Can A Low Carb Diet Help You Avoid Trans Fats?
Unless you’ve been living under a rock, you’re probably aware that trans fats are thought to contribute to heart disease, weight gain, and other health problems. These transformed fatty acids are commonly referred to as Trans Fatty Acids or TFA’s and are present in most of the packaged foods found in the grocery store and your pantry!
Trans fats are produced by hydrogenation - the process of heating an oil and passing hydrogen through it. This process turns liquid oils into solid (margarine, Crisco) and extends the shelf life of most processed foods. The high temperatures used to heat the oils also destroy the essential fatty acids and transforms them into trans fats (short for transformed fatty acid). These fats compete with essential fatty acids for absorption in the body and are thought to contribute to coronary heart disease by raising LDL cholesterol levels (bad cholesterol), while lowering the HDL levels( good cholesterol). They also increase platelet aggregation, which in turn increases the chance of blood clotting, strokes and heart attacks. And if that isn’t bad enough, they also create free radicals that have been linked to cancer.
If you are on a low carb diet, chances are that you don’t eat very many processed or fried foods so you won’t be consuming much food with trans fats. If you are sticking to mostly low fat meats and vegetables you’re probably in pretty good shape as far as trans fats ingestion goes. Margarine is high in trans fats, but there are several brands out there that have no trans fats so if you are eating a lot of margarine, you may want to look into the brand you are buying. Mos of the foods high in trans fatty acids like chips, donuts, muffins, cakes, candy, soups, breads, margarine, cheese spreads, and cookies are no-no’s on a low carb eating plan so cutting them out of your diet has the added health benefit of reducing your intake of these fats.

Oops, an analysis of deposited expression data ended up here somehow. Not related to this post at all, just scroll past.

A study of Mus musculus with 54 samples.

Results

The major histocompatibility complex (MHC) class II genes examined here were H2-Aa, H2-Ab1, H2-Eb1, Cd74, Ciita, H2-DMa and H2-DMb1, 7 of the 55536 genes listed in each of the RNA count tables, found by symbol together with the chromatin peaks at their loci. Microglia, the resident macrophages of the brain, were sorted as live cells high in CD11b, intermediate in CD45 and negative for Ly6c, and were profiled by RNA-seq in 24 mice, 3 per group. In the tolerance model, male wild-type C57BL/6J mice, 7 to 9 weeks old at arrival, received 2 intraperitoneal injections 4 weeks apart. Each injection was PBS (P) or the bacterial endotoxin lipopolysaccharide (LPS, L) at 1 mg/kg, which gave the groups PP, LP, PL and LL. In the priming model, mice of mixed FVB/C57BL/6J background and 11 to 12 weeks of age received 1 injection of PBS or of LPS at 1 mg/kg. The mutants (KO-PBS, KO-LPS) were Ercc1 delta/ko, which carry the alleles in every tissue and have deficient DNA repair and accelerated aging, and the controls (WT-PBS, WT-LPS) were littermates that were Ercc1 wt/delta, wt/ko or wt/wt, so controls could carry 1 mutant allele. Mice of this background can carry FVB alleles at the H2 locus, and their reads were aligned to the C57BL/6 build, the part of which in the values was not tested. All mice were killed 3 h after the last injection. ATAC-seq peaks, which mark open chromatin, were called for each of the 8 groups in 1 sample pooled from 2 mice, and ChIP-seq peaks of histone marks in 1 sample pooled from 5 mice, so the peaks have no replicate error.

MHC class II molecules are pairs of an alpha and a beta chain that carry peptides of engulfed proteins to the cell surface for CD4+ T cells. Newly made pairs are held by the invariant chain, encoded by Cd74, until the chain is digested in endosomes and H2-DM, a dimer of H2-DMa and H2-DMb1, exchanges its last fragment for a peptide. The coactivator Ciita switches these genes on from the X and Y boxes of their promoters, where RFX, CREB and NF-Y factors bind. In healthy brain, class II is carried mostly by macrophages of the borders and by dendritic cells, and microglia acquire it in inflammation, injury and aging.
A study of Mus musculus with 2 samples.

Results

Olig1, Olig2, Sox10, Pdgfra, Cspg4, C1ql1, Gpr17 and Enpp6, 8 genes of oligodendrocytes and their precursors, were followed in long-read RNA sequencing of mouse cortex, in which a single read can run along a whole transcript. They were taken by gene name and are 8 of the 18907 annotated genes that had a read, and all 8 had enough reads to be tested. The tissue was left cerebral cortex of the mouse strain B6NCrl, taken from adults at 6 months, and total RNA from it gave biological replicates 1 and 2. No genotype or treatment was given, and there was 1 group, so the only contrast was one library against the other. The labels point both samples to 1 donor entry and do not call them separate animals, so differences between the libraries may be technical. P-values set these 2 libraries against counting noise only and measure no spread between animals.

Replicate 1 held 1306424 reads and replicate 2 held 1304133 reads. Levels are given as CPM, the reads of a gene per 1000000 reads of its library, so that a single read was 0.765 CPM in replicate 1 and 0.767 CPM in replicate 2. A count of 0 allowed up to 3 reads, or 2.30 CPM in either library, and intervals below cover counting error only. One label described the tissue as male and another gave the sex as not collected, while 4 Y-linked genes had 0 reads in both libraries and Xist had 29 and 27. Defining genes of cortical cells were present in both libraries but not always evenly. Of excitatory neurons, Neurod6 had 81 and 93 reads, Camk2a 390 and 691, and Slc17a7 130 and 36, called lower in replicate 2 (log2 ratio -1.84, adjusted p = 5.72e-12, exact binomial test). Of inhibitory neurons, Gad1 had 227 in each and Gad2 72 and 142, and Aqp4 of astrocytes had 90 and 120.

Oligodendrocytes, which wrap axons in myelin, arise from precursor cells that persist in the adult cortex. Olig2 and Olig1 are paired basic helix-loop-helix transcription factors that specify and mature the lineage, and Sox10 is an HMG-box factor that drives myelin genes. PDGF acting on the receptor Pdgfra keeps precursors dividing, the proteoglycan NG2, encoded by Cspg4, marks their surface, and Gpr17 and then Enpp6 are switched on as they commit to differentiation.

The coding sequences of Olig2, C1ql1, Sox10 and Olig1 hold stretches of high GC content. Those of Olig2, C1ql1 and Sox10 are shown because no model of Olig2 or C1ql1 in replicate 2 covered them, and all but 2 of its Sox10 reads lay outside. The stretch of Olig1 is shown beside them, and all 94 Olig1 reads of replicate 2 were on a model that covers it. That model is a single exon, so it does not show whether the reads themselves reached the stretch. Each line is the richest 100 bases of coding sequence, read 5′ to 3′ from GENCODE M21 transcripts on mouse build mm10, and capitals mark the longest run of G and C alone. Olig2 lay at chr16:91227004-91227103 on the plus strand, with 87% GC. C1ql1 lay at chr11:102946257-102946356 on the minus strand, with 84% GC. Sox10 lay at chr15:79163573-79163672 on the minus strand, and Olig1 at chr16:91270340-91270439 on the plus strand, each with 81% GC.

How do you know if a food has them? Well, the food industry doesn’t make it easy, they rarely put their content on the labels so you will need to figure it out by reading the ingredients. When buying packaged foods beware of the word “hydrogenated” or “partially hydrogenated” in the list of ingredients. These foods will contain trans fatty acids. If you are leading a low carb lifestyle you probably won’t be buying these foods anyway so not to worry!
About the Author
Lee Dobbins is webmaster of http://www.lowcarb-resource.com where you can find more information on low carb living.